GE Aviation announced Monday that it is expanding the scope of its job cuts in response to the impacts the COVID-19 crisis has had on the business.
GE Aviation leaders are developing a plan to permanently reduce the firm's global workforce, which is a total of about 52,000 workers, by as much as 25%. The announcement was made by David Joyce, president and CEO of GE Aviation, in a letter to employees Monday.
GE Aviation, which has a manufacturing site in Wilmington, announced March 23 that it would reduce 10% of its total U.S. workforce
. The new announcement includes the previous action, officials said.
GE Aviation officials would not share specific layoff numbers for its Wilmington site or others.
In an email, Monday, a GE Aviation spokesperson reported the Wilmington site's current workforce at about 650.
The business unit of General Electric (GE) reported about 650 GE Aviation employees at the Wilmington site late last year. The local site, located in Castle Hayne, makes rotating parts for the firm’s legacy engines and new commercial engines.
"As this pandemic continues to advance, our understanding of its impact on our industry and our business has also evolved. The deep contraction of commercial aviation is unprecedented, affecting every customer worldwide.
"Global traffic is expected to be down approximately 80% in the second quarter when compared to the start of the pandemic’s effect in China in early February. Our aircraft manufacturers have announced reduced production schedules that will extend into 2021 and beyond reacting to the projected prolonged recovery," Joyce said.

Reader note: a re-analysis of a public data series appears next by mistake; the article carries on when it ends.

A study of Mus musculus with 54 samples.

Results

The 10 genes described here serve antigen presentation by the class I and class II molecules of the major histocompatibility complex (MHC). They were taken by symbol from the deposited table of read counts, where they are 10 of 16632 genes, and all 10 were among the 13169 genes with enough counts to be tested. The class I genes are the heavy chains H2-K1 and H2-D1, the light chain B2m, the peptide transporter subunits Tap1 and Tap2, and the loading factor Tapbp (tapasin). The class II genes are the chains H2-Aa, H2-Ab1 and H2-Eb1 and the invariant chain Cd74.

"To protect our business, we have responded with difficult cost-cutting actions over the last two months. Unfortunately, more is required as we scale the business to the realities of our commercial market," he added.
In a corporate earnings call last week, GE officials said the Aviation unit was challenged in the first quarter.
“The impact from COVID-19 materially challenged our first-quarter results, especially in Aviation, where we saw a dramatic decline in commercial aerospace as the virus spread globally in March," said GE Chairman and CEO H. Lawrence Culp, in a news release last week.
"We are targeting more than $2 billion in operational cost out and $3 billion of cash preservation to mitigate the financial impact, and we executed a series of actions to de-risk and de-lever our balance sheet amid a challenging environment," Culp said. "While there are many unknowns, there will be another side—planes will fly again, healthcare will normalize and modernize, and the world still needs more efficient, resilient energy."
"We're embracing today's reality and accelerating our multi-year transformation to make GE a stronger, nimbler, and more valuable company."
Correction: This story has been updated to reflect the announcement by GE Aviation on Monday.